After a false start, Prime Minister Justin Trudeau departed Saturday night for Brussels to finally sign Canada's controversial free trade deal with the European Union, days after it teetered on the brink.

Trudeau's plane returned to Ottawa about 30 minutes after it took off because of a mechanical problem involving the flaps, the Prime Minister's Office said in an email.

The plane's departure had already been pushed back some 90 minutes delaying Trudeau from getting to Europe to sign a trade deal that has been beset with delays.

The plane was airborne again late Saturday after a brief period on the ground in Ottawa.

Trudeau was expected to sign the Comprehensive Economic and Trade Agreement, or CETA days ago, but the Belgian region of Wallonia cast doubt over its future by opposing it. Wallonia held a veto over Belgium's ability to support the deal, which requires the approval of all 28 EU countries.

The tiny French-speaking region of 3.5 million people opposed the deal's investor protection provisions, taking up the cause of anti-trade and civil society groups, but Wallonia's concerns were finally addressed on Thursday.

The Prime Minister's Office says Trudeau spoke on Friday with European Council president Donald Tusk, who confirmed the texts of the deal, along with a side agreement known as the Strategic Partnership Agreement, have been approved for signature.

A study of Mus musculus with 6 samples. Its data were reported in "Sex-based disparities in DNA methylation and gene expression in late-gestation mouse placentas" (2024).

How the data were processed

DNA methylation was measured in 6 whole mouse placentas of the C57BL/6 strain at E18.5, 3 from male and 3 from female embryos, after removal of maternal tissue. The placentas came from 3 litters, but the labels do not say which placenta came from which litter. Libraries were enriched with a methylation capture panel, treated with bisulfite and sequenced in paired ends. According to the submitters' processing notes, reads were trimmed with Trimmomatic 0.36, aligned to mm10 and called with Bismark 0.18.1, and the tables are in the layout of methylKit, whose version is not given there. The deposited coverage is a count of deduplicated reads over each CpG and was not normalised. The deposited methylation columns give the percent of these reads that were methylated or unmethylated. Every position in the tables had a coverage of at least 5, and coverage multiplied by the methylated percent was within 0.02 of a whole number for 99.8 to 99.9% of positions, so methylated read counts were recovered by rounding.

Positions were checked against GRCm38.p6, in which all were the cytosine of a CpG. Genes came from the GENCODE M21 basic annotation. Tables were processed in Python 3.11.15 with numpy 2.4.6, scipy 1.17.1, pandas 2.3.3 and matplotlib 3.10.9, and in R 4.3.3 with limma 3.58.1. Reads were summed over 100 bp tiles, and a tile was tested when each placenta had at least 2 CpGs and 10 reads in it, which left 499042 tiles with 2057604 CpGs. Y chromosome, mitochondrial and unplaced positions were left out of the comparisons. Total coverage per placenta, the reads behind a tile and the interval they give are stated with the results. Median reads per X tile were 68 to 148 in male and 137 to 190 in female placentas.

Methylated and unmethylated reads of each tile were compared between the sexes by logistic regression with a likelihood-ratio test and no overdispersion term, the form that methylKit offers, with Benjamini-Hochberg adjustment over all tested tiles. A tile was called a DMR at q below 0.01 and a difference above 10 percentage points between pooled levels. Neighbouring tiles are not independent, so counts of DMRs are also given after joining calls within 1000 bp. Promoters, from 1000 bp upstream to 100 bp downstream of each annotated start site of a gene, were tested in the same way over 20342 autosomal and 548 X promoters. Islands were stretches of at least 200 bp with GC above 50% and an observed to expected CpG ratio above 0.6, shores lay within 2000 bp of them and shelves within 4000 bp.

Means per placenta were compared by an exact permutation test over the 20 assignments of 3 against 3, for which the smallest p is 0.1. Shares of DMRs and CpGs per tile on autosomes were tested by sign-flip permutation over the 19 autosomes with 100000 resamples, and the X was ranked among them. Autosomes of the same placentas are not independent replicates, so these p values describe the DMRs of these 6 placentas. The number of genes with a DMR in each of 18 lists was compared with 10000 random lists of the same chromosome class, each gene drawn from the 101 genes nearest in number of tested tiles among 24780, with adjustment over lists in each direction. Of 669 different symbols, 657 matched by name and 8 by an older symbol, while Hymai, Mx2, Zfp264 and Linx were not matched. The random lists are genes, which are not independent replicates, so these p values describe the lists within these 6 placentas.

Trudeau was to meet with European Union leaders in Brussels on Sunday where they are to finally sign CETA, which was seven years in the making. He will also meet with Quebec Premier Philippe Couillard, who has already arrived in Brussels.

Canada's International Trade Minister Chrystia Freeland walked out of talks with the Europeans a week ago saying it appeared the EU was incapable of signing an agreement. She maintained Canada's work was done and it was up to the Europeans to remove the remaining roadblocks.

After almost a week of painstaking negotiations — talks that forced Trudeau to postpone his travel to Europe — the Walloons and the Belgian national government reached a deal.

The Walloons dropped their opposition following an agreement Thursday with the Belgian government that gave national and regional parliaments throughout Europe new powers over controversial investor protection provisions.

The new Belgian agreement essentially gives Europe's individual national and regional parliaments the ability to veto the investor protection provisions at a later date.

The agreement also calls for a review of the dispute settlement mechanism by the European Court of Justice.

A Canadian government official, who was not authorized to speak by name, said the Belgian agreement does not give any new powers, and are "just declarations."

The official said EU member states cannot pick and choose from parts of the agreement.

The official said the text of CETA has not changed since it was signed in February.

But at least one Canadian financial institution questioned the overall strength of the trade agreement.

In a research note to clients this past week, TD Economics said "uncertainty" still remains around CETA's ultimate fate.

"Should a revised dispute system not be agreed in the coming years, CETA may still be undone (remember that it would only take one member state rejecting the revised dispute system to make the entire agreement null)," the memo said.

The Wallonia parliament voted overwhelmingly to allow the Belgian national government to support the pact.

The Council of the European Union adopted a package of decisions on matters such as signing the agreement, its provisional application and requiring the European Parliament's consent to conclude the deal.